In Louie Hung Kwei Lu v. Hawaiian Gardens Casino, Inc., et al., S171442, the California Supreme Court concluded that California Labor Code Section 351 does not provide a private cause of action for employees to recover any misappropriated tips from employers.
Plaintiff Louie Lu ("Plaintiff") was employed as a card dealer at Defendant Hawaiian Gardens Casino, Inc. (the "Casino"). The Casino had a written tip pooling policy that required dealers to set aside 15-20% of the tips received each shift, which were deposited into a "tip pool bank account" and later distributed to designated customer service employees. The tip pool policy expressly prohibited employers, managers, and supervisors from participating in the tip pool.
Plaintiff brought a class action against the Casino and its general manager alleging, among other things, that the Casino’s tip pooling policy violated the employee protections under Labor 351 (prohibiting employer from taking, collecting or receiving employees’ gratuities).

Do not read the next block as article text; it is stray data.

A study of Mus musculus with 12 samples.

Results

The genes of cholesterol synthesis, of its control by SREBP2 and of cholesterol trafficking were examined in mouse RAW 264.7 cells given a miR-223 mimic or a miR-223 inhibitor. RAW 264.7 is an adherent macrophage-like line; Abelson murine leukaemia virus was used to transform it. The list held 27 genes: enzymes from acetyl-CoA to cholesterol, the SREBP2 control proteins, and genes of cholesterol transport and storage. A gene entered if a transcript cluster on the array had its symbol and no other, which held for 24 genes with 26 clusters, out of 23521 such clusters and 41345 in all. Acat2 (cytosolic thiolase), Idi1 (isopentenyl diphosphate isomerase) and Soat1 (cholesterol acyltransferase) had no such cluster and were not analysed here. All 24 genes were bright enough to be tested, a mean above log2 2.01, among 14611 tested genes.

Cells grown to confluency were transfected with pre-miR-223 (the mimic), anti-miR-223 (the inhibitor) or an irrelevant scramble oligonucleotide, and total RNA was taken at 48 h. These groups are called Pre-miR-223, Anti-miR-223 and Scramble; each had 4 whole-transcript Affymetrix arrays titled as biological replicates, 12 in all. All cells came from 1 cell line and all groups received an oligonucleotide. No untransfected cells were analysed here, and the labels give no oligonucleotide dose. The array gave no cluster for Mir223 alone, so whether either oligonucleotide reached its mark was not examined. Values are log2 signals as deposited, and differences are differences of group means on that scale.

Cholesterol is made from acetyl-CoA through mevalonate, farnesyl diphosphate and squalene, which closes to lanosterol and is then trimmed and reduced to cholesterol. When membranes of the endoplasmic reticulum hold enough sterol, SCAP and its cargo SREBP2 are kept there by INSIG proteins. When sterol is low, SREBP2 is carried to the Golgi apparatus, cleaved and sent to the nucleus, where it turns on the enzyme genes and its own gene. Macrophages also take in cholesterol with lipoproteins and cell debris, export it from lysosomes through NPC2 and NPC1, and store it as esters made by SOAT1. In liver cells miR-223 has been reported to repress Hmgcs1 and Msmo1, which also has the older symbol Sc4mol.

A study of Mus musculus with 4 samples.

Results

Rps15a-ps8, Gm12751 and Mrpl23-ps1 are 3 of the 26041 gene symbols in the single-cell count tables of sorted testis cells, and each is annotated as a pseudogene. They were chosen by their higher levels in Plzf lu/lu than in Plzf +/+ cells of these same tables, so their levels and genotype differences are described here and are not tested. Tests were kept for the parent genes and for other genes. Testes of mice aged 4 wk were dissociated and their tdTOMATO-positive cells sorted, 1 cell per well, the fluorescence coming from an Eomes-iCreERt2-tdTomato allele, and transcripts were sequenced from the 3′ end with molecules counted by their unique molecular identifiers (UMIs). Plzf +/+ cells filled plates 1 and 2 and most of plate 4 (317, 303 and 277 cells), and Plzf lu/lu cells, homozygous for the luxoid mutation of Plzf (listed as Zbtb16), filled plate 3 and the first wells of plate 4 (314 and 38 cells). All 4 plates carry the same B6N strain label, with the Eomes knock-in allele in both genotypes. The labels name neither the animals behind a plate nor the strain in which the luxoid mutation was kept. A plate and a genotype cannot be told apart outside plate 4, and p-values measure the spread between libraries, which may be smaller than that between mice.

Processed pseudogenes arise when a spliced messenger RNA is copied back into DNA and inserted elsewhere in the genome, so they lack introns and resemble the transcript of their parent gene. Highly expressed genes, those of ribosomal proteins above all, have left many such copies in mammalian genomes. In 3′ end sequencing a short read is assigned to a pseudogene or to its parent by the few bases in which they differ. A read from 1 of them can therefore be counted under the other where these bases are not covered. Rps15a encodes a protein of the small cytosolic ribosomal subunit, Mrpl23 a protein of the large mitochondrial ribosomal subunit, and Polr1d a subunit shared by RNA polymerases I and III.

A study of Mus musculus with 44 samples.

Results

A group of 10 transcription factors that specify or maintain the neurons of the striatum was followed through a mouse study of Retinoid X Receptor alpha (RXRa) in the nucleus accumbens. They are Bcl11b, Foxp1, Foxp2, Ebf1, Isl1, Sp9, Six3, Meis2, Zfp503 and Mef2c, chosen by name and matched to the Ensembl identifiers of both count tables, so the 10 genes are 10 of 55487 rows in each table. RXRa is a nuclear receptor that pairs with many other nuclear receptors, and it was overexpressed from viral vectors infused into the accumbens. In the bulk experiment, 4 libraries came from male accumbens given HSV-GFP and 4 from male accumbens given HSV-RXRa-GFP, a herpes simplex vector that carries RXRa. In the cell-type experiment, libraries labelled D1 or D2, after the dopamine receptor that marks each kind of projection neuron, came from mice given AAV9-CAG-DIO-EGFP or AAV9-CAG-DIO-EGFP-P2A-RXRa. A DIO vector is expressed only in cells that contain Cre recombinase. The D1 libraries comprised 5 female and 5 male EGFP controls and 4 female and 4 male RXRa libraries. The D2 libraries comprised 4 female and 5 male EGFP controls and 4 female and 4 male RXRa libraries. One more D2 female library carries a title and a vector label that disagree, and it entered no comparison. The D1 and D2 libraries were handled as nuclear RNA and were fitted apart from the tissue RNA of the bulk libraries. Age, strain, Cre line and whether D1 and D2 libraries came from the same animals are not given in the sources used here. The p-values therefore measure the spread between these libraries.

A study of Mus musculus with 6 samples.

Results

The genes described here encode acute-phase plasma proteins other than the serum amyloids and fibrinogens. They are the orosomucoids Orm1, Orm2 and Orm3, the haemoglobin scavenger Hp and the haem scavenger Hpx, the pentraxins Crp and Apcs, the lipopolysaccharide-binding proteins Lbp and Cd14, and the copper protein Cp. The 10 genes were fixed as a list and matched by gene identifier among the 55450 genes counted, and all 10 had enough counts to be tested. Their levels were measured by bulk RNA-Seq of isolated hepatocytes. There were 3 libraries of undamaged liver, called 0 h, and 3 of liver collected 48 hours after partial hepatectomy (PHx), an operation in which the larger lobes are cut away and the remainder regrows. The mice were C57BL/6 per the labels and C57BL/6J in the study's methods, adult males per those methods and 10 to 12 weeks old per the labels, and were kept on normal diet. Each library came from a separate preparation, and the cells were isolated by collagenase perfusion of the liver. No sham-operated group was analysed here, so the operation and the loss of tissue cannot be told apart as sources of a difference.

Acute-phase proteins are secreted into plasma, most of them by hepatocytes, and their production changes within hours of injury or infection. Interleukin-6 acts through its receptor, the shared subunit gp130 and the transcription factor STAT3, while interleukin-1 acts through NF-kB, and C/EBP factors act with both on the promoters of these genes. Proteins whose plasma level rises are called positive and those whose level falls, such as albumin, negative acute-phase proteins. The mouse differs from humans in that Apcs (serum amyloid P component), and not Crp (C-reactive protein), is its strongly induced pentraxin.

The Supreme Court’s ruling that Labor Code Section 351 does not provide a private right of action is a victory for employers, but will not bar all future tip pooling lawsuits. As noted in the Supreme Court’s opinion, the "holding that section 351 does not provide a private cause of action does not necessarily foreclose the availability of other remedies. To the extent that an employee may be entitled to certain misappropriated gratuities, we see no apparent reason why other remedies, such as a common law action for conversion, may not be available under appropriate circumstances." While the number of theories plaintiffs can assert has been reduced, the door is still open for tip pooling suits in certain situations. Determining the legality of an employer’s tip pooling policy still requires a case-by-case analysis. Prudent employers will carefully review their policies to ensure that they comply with the law.